George W. Bush shed a sentimental tear. President Barack Obama mused about the burdens of the office. Bill Clinton dished out wisecracks, and Jimmy Carter and George H.W. Bush chimed in, too.
A crowd of 10,000 attended the event, including Dick Cheney, Condoleezza Rice, Colin Powell and Karl Rove.
Politics took a back seat for the special event. There was no mention of Iraq or Afghanistan, the wars that dominated Bush's presidency and so divided the nation. There were only gentle references to the aftermath of Hurricane Katrina and plenty of praise for the resolve that Bush showed in responding to the 9/11 terror attacks.
It was a day for family and sentimentality. Bush choked up with emotion at the conclusion of his remarks.
The 43rd president singled out his 88-year-old father, another ex-president, to tell him: "41, it is awesome that you are here today."
The elder Bush spoke for less than a minute from his wheelchair, then turned to his son and quipped, "Too long?" He has a form of Parkinson's disease and has been hospitalized recently for bronchitis.
Just as the public tends to view presidents more kindly once they've left office, ex-presidents, too, tend to soften their judgments - or at least their public comments - with time.
Mr. Obama once criticized Bush for his "failed policies" and "disastrous" handling of the economy, for expanding budget deficits, and for drawing the nation into war in Iraq.
But Thursday, he instead praised Bush for his strength after 9/11, compassion in fighting HIV/AIDS in Africa, bipartisanship in pursuing education reforms and restarting "an important conversation by speaking with the American people about our history as a nation of laws and a nation of immigrants."
The other presidents took a similar tone.
Clinton praised Bush for his efforts to combat AIDS in Africa, his work on global health and even for the paintings he's doing in retirement.
Carter praised Bush for his role in helping secure peace between North and South Sudan in 2005 and the "great contributions you've made to the most needy people on earth."
Bush has kept a low profile since leaving office with an approval rating of just 33 percent. That number has since grown and is now at 47 percent, which is about equal to Mr. Obama's approval rating, according to a Washington Post-ABC News poll released ahead of the library opening.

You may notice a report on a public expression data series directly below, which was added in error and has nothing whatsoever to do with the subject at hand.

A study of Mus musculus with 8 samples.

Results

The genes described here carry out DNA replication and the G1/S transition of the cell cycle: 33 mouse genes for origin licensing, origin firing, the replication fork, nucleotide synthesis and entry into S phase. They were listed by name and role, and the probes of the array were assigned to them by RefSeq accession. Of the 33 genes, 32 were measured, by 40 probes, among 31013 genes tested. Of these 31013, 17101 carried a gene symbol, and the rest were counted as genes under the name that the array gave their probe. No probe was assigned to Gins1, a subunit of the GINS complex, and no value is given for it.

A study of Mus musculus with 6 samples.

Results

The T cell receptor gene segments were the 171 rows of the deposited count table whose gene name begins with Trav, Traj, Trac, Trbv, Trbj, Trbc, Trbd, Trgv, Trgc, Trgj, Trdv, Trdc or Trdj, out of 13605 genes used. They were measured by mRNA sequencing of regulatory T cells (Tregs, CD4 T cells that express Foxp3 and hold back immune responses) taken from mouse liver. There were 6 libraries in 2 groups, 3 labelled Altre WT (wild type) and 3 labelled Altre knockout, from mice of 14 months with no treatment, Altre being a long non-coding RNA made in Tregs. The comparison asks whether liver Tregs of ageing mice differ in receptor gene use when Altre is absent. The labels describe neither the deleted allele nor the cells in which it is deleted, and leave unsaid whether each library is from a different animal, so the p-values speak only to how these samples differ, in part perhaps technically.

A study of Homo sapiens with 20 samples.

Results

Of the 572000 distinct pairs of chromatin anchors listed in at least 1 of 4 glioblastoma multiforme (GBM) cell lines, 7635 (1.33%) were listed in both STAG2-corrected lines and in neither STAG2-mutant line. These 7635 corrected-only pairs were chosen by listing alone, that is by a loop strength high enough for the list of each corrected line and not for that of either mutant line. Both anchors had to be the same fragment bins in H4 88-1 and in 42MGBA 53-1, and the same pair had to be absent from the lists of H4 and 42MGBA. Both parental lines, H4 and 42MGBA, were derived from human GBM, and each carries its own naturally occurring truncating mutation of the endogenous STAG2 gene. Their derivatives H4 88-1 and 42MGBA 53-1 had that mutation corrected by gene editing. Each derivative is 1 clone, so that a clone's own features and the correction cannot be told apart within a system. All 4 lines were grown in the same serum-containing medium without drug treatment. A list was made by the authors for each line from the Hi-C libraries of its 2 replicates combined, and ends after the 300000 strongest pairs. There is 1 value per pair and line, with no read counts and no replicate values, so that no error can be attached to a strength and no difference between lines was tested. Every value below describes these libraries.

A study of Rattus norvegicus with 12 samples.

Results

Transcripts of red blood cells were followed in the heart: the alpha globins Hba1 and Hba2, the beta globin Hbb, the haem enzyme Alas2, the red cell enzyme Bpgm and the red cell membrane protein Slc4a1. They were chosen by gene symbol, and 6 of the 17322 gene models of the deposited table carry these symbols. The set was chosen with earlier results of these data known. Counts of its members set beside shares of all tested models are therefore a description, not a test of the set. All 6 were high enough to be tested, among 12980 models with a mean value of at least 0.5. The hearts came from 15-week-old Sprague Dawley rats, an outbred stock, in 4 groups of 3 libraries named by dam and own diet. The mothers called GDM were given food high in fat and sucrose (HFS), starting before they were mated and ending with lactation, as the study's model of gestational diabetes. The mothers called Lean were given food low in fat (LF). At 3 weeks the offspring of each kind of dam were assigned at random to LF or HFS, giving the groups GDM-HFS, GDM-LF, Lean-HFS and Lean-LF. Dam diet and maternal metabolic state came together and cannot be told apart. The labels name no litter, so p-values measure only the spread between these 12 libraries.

Although politics wasn't center stage, those in attendance included a number of potential candidates for president in 2016 - another Clinton (Hillary) and Bush (Jeb) among them.
Though George W. Bush has supported the idea of his younger seeking the White House, former first lady Barbara Bush apparently does not feel the same.
"We've had enough Bushes," she said Thursday on NBC's "Today" show.
The presidential center at Southern Methodist University includes a library, museum and policy institute. It contains more than 70 million pages of paper records, 200 million emails, 4 million digital photos and 43,000 artifacts. Bush's library will feature the largest digital holdings of any of the 13 presidential libraries under the auspices of the National Archives and Records Administration.
A full-scale replica of the Oval Office as it looked during Bush's tenure sits on the campus, as well as a piece of steel from the World Trade Center and the bullhorn that Bush used to punctuate the chaos at ground zero three days after 9/11.
The Bush family's Texas roots are on full display at the library. Architects used local materials, including Texas Cordova cream limestone and trees from the central part of the state, in its construction.
The Associated Press contributed to this report.